A charter city is a city in which the governing system is defined by the city's own charter document rather than by state, provincial, regional or national laws. In locations where city charters are allowed by law, a city can adopt or modify its organizing charter by a majority vote of its resident citizens. A charter gives a city's residents the flexibility to choose any kind of government structure allowed by law.
For example, in California, cities which have not adopted a charter are organized by state law. Such a city is called a General Law City, which will be managed by a 5-member city council. A city organized under a charter may choose different systems, including the "strong mayor" or "city manager" forms of government.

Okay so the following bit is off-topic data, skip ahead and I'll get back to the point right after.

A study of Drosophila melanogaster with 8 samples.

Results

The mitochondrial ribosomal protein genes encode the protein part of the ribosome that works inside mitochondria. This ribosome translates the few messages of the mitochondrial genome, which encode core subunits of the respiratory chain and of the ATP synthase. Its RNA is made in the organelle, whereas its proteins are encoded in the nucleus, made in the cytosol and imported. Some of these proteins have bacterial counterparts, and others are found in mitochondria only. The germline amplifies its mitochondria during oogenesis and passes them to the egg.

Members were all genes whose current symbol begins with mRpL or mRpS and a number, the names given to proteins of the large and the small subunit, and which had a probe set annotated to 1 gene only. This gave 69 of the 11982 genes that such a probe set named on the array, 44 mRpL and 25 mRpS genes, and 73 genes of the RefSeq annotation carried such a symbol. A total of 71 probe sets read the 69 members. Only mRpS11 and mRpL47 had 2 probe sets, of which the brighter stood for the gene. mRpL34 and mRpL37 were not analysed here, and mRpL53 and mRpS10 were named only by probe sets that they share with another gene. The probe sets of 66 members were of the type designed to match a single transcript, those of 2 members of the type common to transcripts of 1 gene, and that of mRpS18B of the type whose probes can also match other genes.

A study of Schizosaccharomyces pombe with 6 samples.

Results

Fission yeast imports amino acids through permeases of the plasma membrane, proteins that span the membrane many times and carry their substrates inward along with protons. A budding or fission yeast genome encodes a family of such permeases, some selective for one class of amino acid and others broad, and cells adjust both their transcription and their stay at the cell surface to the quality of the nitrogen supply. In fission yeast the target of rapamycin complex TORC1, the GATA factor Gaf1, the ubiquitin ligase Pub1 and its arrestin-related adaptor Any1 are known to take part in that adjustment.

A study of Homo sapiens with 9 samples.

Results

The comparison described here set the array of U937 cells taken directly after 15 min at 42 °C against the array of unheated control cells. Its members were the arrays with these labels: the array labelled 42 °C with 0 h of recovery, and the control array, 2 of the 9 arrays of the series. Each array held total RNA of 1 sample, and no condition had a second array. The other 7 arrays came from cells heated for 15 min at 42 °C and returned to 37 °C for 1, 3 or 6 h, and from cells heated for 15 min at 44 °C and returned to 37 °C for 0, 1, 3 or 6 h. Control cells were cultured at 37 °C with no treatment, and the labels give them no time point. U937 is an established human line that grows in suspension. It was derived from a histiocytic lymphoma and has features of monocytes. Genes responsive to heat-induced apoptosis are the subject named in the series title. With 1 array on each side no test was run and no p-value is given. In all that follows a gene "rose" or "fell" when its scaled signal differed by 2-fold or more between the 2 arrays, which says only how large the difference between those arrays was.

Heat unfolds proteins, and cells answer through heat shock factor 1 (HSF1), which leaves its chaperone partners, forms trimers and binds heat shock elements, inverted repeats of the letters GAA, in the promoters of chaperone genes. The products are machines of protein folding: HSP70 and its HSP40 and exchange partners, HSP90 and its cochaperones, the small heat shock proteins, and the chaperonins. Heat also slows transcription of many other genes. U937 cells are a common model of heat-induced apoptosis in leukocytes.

A charter city may have some exemptions from some state or provincial laws, which varies entirely from region to region. As of June 2008, 112 of California's 478 cities are charter cities.
Paul Romer, economics professor at Stanford University, proposes founding many new charter cities on the coasts of developing countries. These cities would be run according to business-friendly rules and could create jobs for many millions of people. Romer argues that rich nations should guarantee the enforcement of rules in charter cities, while developing countries would provide the land. He elaborated the idea in an interview with D+C Development and Cooperation. Madagascar considered creating two charter cities, but the plan was scrapped when the political leadership that supported the idea was removed from power.